The City of Portland has finally taken action to prevent bad drivers from crashing their cars into houses along an intersection in the Mt. Scott-Arleta neighborhood.
Back in January, I shared the story of an s-curve intersection on Southeast Woodstock and 69th. For years, residents told me, they worried that drivers would fail to negotiate the curve outside their homes. And many times, they did. There was a long, documented history of people going too fast and slamming into living rooms, front porches, sheds, and yards. According to the Portland Bureau of Transportation, in the five years between 2016 and 2021 there were seven reported crashes — five of which were a car driver slamming into a house or other object.
The combination of selfish and incompetent car drivers and the design of the wide intersection led to many sleepless nights and significant property damage.
Then late last month, we learned that the Portland Bureau of Transportation implemented a project that squared off the “s” with new pavement striping, plastic curbs and wands.
After my article back in January, nearby resident Ben Mooney reached out to say his home — at the southeast corner of the intersection, in the direct path of eastbound drivers on Woodstock — had been struck several times. His living room wall had sustained major damage and he was left fully responsible for getting it fixed. The crashes continued and it got so bad that he and his wife applied for a city permit to install steel bollards in the sidewalk median. Even though they were willing to pay for the bollards themselves, their application was denied.
They began to meet with PBOT traffic engineers and other neighbors to talk about a solution.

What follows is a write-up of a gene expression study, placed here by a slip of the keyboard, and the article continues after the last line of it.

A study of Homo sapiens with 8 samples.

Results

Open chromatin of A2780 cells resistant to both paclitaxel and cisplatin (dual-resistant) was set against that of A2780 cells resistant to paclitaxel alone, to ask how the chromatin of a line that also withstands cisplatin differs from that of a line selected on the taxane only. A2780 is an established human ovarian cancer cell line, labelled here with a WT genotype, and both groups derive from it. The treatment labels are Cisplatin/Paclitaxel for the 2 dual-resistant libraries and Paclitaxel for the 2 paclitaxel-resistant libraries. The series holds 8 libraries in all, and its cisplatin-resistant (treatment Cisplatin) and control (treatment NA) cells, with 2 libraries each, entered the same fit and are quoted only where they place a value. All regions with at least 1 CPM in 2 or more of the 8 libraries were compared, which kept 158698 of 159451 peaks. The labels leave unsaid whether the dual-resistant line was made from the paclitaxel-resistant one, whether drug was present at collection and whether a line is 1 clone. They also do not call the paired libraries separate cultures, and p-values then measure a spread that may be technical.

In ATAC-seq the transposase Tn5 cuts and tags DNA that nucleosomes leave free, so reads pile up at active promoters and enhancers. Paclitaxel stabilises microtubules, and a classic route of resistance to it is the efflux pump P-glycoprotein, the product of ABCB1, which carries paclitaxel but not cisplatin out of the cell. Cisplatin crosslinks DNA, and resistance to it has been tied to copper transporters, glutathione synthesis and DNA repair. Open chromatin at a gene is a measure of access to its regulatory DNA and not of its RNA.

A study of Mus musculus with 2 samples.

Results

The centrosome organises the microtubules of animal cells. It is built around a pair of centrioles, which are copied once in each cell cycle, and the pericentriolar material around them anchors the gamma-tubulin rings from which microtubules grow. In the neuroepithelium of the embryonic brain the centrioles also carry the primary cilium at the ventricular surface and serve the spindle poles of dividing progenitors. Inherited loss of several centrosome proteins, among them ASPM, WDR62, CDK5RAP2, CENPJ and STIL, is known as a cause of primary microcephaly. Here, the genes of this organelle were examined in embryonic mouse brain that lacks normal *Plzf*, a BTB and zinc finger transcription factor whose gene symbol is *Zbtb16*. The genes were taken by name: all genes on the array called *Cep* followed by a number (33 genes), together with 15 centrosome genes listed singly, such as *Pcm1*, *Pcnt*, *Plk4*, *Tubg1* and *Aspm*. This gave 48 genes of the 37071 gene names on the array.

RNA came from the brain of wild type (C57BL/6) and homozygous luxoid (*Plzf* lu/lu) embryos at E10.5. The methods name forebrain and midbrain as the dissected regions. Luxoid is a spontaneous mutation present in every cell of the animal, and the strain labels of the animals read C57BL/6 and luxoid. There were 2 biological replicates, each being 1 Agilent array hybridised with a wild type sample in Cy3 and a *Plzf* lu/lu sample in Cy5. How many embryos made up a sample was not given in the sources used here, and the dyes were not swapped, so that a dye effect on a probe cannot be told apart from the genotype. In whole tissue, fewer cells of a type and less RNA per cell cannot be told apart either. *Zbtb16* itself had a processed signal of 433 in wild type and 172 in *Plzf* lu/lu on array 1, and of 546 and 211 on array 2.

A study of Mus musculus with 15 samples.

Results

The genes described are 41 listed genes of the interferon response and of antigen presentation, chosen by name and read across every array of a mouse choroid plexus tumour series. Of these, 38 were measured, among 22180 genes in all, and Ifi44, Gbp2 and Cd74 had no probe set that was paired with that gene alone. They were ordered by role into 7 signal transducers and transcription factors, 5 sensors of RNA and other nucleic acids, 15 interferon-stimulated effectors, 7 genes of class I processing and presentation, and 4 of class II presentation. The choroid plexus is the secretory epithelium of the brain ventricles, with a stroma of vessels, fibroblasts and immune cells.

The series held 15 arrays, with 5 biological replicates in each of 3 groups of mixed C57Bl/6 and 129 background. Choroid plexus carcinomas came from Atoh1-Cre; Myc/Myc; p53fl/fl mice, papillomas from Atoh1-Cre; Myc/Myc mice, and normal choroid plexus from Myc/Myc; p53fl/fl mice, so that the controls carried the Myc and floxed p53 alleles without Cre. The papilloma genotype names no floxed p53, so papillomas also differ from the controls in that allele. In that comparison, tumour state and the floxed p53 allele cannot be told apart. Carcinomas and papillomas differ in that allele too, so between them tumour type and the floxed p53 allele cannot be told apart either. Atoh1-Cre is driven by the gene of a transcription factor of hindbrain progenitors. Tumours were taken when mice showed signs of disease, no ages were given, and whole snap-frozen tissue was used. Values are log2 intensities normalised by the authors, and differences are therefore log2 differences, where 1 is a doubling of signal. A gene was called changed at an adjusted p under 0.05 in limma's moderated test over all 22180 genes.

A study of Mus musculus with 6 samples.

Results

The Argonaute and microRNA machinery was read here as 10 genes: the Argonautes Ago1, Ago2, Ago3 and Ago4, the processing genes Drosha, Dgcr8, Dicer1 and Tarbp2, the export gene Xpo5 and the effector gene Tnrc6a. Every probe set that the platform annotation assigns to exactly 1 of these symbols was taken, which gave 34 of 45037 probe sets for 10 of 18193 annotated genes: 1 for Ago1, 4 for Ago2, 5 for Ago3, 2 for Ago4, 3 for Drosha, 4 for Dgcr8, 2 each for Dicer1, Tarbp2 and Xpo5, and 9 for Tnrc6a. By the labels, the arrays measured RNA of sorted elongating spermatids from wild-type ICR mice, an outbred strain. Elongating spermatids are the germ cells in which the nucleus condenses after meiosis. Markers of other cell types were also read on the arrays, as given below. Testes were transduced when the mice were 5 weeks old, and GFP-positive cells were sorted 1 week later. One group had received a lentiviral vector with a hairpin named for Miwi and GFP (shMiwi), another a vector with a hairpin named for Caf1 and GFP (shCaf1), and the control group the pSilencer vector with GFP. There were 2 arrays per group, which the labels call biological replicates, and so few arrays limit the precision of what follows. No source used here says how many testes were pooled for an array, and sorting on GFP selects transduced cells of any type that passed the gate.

A few nights before one of the meetings in March, Mooney said it happened again (photo at right). “A car failed to make the turn going eastbound, jumped the curb, and crashed into the northwest corner of our property, destroying another section of our fence and damaging our shed,” Mooney wrote in an email to BikePortland. “Thankfully our house was unharmed, but we are still not even done repairing damage from the first event in December.” (In both events, the driver ran off and the car was presumed to be stolen.)
Mooney tried again for the permit and included the BikePortland article (at a PBOT staff person’s recommendation) in an appeal filed in early April of this year. Then they got some good news: They were told the city had received so many complaints that the permit wouldn’t be necessary and that a more long-term infrastructure fix was in the works.
When Mooney and other concerned neighbors learned from PBOT that the fix would be limited to “signs and paint,” he was a bit crestfallen. After one meeting to talk about the changes, Mooney emailed BikePortland to say, “This meeting really underscored how much emphasis is given to cars over the safety of homes, pedestrians, and cyclists, as most of the things we asked about were met with answers about how that would not work because of how it impacts traffic flow.”
After the project was installed in the past few weeks, I reached out to Mooney again to get his impressions.
“While my wife and I would have liked to see something a little more substantial to help reduce speeds going into the curves… now that we’ve seen the changes, we do think that they are an improvement to the intersection. We’re also grateful that they made this intersection a high priority,” he said.
“Cars do seem to be taking the curve at a more cautious pace, so in that regard I do think it is a success.”
Mooney says he’s still concerned about the long straightaway on Woodstock that allows drivers to gain considerable speed for 17 blocks between SE 52nd Avenue and his home. He’s inquired about traffic calming measures like speed bumps or stop signs, but so far PBOT has no plans to implement them.
Hopefully this paint, plastic, and signage is enough. And hopefully, PBOT can find more funding to come back and do something more substantial in the near future.
UPDATE, 7/14 at 4:00 pm: PBOT saw the concerns about the materials used in this project and shared: “The improvements we have installed so far are intended to be a temporary measure until a permanent reconfiguration of the intersection can be funded and built. The Lower SE Rising Area Plan could help advance the discussion of permanent improvements in this location and other parts of the area.”